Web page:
When I told people Kyle was attending the ChalleNGe Academy, I got the same question every time.
It was, “What is the ChalleNGe Academy?”
The ChalleNGe Academy is a residential program, affiliated with the National Guard and located at Fort McCoy.
Many think of it as a boot camp for troubled youth, but it is hardly that.
The ChalleNGe Academy offers teens who are struggling academically the structure, discipline and recognition they need to succeed. This program is a way for students between ages 16 3/4 and 19 to obtain their High School Equivalency Diploma (HSED), build their character and become better citizens.
The program is voluntary. The youth must want to change themselves and have to tell the academy why they want to attend.
They have to write goals and explain what they hope to gain by attending the academy and what they plan to do when they are done.
I am sure there have been times when parents, teachers or judges wanted to order youth to attend the academy. In the end, the teens must make the decision.
I give a lot of credit to these youth, as I know I could not have made that kind of difficult decision at their age.
For 22 weeks, students stay on the academy’s grounds, where they work on eight core components: academic excellence, life coping skills, job skills, health and hygiene, responsible citizenship, service to the community, leadership and followership, and physical fitness. Cadets must successfully complete all eight components to receive their certificate of completion from the academy.
Last December, my pastor told me about the academy. I presented the idea to my son, Kyle.
After much thought and research, he decided it would be the best option for him academically, as he had always struggled in a regular school setting.
He completed the necessary forms. They were mailed in, and this past Jan. 4, he received his acceptance letter.
Nine days later, I drove him to the academy. With a heavy heart, I hugged him goodbye and told him I was proud of him and loved him.
They pointed him in one direction and me in another. I headed home without him.
Although I knew it was a great opportunity for him and was excited for him, there was still uncertainty. The program is voluntary, which meant he could decide at any time that he wanted to come home.
The first three weeks are very hard on the youth.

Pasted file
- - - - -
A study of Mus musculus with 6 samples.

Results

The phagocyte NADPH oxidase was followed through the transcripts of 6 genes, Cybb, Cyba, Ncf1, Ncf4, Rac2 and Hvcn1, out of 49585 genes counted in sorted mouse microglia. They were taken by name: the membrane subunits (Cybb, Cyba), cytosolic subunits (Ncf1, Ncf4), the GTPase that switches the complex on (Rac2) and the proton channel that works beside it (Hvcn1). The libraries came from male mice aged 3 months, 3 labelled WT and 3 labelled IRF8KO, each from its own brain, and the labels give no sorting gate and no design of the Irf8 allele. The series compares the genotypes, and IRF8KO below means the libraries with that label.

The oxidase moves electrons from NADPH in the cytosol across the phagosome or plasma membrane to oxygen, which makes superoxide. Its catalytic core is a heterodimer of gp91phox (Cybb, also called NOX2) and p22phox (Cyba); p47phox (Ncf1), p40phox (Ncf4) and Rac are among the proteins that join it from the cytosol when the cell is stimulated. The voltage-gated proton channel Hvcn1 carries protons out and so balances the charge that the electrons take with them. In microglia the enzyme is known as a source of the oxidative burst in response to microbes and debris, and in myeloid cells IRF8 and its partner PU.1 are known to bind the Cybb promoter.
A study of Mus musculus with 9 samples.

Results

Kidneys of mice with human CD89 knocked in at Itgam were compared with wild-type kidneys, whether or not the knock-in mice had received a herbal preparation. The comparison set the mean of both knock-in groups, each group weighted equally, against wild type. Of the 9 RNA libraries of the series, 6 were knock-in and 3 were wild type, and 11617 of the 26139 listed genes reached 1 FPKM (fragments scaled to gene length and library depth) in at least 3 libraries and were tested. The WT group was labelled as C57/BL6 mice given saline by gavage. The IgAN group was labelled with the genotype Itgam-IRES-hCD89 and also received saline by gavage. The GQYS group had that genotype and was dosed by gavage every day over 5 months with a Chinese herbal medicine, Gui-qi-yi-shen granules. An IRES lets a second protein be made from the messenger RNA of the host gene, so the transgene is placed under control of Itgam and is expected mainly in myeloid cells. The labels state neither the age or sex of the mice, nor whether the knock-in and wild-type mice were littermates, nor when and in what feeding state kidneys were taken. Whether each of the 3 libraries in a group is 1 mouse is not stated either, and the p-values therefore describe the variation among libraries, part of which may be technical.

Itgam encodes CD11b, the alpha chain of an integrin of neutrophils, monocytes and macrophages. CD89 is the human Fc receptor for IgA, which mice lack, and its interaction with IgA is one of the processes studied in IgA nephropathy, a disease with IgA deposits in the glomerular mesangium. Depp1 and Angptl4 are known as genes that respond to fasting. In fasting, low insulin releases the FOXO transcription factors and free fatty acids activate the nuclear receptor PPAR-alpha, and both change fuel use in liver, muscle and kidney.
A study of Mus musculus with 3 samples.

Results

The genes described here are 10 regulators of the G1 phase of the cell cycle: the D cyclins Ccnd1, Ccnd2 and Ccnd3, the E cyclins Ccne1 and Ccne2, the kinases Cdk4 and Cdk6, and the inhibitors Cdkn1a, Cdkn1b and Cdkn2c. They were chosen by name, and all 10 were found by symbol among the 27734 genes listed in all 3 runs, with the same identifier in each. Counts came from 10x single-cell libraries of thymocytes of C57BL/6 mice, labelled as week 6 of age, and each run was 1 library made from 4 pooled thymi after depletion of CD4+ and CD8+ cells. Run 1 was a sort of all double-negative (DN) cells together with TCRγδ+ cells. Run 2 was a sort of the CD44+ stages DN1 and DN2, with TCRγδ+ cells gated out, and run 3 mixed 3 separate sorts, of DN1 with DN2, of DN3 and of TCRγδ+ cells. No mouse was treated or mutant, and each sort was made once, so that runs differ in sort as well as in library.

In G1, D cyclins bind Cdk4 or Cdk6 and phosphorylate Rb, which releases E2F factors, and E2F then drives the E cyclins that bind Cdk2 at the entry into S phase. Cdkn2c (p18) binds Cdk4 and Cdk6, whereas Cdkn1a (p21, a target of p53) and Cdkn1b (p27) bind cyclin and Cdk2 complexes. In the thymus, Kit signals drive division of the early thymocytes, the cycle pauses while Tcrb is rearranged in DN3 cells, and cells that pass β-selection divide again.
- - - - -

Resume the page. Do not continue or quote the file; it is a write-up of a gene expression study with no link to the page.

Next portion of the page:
They are stripped of all materialistic things and given military buzz cuts, gray sweatsuits, shorts and boots. No more Abercrombie & Fitch, American Eagle, Hollister or any other brand names he had grown so accustomed to.
Once they complete the candidate requirements, they are accepted as cadets and then rewarded with military pants, boots, a hat and red ChalleNGe Academy polo shirts and sweatshirts.
My son had never been so proud of getting new clothes, and there was no sense of entitlement. He wore the clothes with a sense of pride and accomplishment – right down to having to spit shine his black military boots, but grateful and proud to wear them.
We were not able to talk for the first three weeks, and after that, only for 10 to 20 minutes every Sunday.
Our only form of communication was through letters. There were no emails, no Internet, no cellphones – just old-fashioned pen and paper.
With each phone call, I could hear in Kyle’s voice that he was happier, truly proud of his accomplishments and more confident in himself.
He wrote letters home, sharing everything he was doing – running the mile in just over six minutes, doing pushups and situps, tutoring children at a local Boys and Girls Club, volunteering for community service and marching for 15 miles.
Months before, I could not get him off the couch to take out the garbage.
He was happy, laughing at his mistakes, accepting responsibility for them, proud of himself and communicating again.
On June 11, Kyle graduated from the academy and earned his HSED. There were 104 cadets in his class, and 88 of them also earned their HSED through the academy.
Kyle now has goals for his future, something he did not have before going to the academy.
His grades at the academy were A’s and B’s, compared to D’s and F’s. He is proud of his accomplishments and has a level of respect instead of a sense of entitlement.
At the academy, he was taught about leadership. He learned the importance of family and of being respectful.
As a parent, it was one of my proudest days when I watched him walk across the stage and accept his certificate of completion with pride.
Kyle has chosen to return to Waupaca High School for the 2011-12 school year and will receive his high school diploma next May.
There are no words that can express the appreciation I have for what the ChalleNGe Academy did for Kyle and for the other youth that would have fallen through the academic cracks in a regular school system.
The decision Kyle made to attend the academy was a good one. It worked for him where nothing had before. He has said he would recommend the program to other youth struggling with academics and making poor choices, and is grateful for everything he learned through the experience.